Imoji prepares to open its sticker and emoji platform up to brands

At this point I think the world knows that stickers and emoji aren’t frivolous. There are certainly plenty of examples to suggest that this new kinda of media type is being taken more seriously than it was, say, a year or two ago.

Messaging app Line, which held a successful US-Japan IPO this year, is the best example: it grossed $280 million from selling stickers in 2015. Outside of Asia, Apple has revamped iMessage with a focus on media and integrated other apps, while Twitter is charging brands to offer promoted stickers to users, while Snapchat continues to use visual stickers.

“Two years ago, it is was fairly unacceptable for two guys to send each other emojis. Now it’s an accepted part of interactions, even on a professional level,” Tom Smith, CEO and co-founder of Imoji, told me in an interview.

Well, you’d hope that Smith and Imoji would know, given that they offer a platform that powers sticker sending on mobile devices. It’s been nearly 18 months since Smith’s startup launched an SDK to put potentially millions of custom emoji into any app.

Unlike Line and others who license specific content for stickers, Imoji takes an open stance in that it allows anyone to basically make any kind of sticker/emoji and then put it into their collection.

So, in essence, Imoji’s two-sided approach is to enable users to make stickers, and apps to let their users get access to them. Smith disclosed that Imoji currently has over 80 developer partners which reach 15 million active users each month. That collective, he added, sends “billions” of stickers per month — in addition, Imoji sees nearly two billion “content impressions” and over 200 million search requests per month.

Imoji’s global tracker is pretty neat

With promising engagement under its belt, it is now time for step two and a move to become a content platform.

The idea here is to offer a platform that lets brands and companies interact with users in a different kind of way to regular advertising and marketing. Initially, that is likely to mean branded content — Imoji has already worked with the NBA and hip hop act Rae Sremmurd among others — but there is scope to go far beyond that. Indeed, content could be tailored based on location, collections and campaign, with the potential to include video ads, app installs, and commerce features from “brands that people are talking about,” Imoji co-founder Jason Stein explained.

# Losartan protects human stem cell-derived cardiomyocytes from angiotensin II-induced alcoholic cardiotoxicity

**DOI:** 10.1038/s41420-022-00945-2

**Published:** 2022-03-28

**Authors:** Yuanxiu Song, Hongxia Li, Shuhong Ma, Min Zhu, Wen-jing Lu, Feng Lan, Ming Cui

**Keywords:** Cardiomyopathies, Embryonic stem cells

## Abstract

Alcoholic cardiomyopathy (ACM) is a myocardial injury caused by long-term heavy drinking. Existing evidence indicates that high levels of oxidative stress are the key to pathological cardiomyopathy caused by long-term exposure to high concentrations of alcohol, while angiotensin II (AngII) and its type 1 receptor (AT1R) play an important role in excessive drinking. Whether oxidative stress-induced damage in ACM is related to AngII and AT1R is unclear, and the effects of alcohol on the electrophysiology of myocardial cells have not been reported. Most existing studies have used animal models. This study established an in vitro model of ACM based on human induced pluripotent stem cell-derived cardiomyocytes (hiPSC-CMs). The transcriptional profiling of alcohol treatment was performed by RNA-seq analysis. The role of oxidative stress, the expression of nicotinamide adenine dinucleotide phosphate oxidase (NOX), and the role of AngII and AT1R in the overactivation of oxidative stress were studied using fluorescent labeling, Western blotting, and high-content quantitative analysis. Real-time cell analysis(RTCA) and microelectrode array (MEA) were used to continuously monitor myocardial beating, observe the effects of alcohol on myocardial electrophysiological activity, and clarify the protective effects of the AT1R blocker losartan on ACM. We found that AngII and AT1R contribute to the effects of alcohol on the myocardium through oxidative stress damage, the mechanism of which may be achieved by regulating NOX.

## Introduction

“It isn’t a flash in the pan, when you create good content, people still use it and the brand stays relevant,” Stein added.

Imoji launched in the summer of 2014 when emojis, stickers and keyboard ideas were hot. The potential to offer a content experience or develop a keyboard app that itself could be a different kind of vehicle for user interactions (potentially with brands) was just taking off and showing promise.

Fast forward back to today and the reality is that most of the companies piloting those ideas have undergone major changes. Most have been sold. SwiftKey probably fared best with a $250 million acquisition from Microsoft, but elsewhere Pinterest acquihired Fleksy and even Apple snapped up a keyboard maker.

Ideas are great, but a business needs legs in order to get to the point of execution.

Imoji hasn’t raised anything like as much as other content players. To date it has pulled in $2.4 million from investors, including a $2 million round that closed one month after its 2014 launch, but the founders maintain it is operating efficiently.

“We’re super lean [and] in a comfortable spot right now,” Smith said, adding that Imoji isn’t immediately looking to raise funding.

However, he said, it may look to investors before the end of the year after it ushers brands onto its platform this fall and begins to prove out its model. Beyond their own push, the Imoji founders also believe that other companies welcoming third party apps and visual content will move their industry forward in a major way.

“We’re still in the first few innings,” Stein added. “Apple opening its garden to developers is huge.”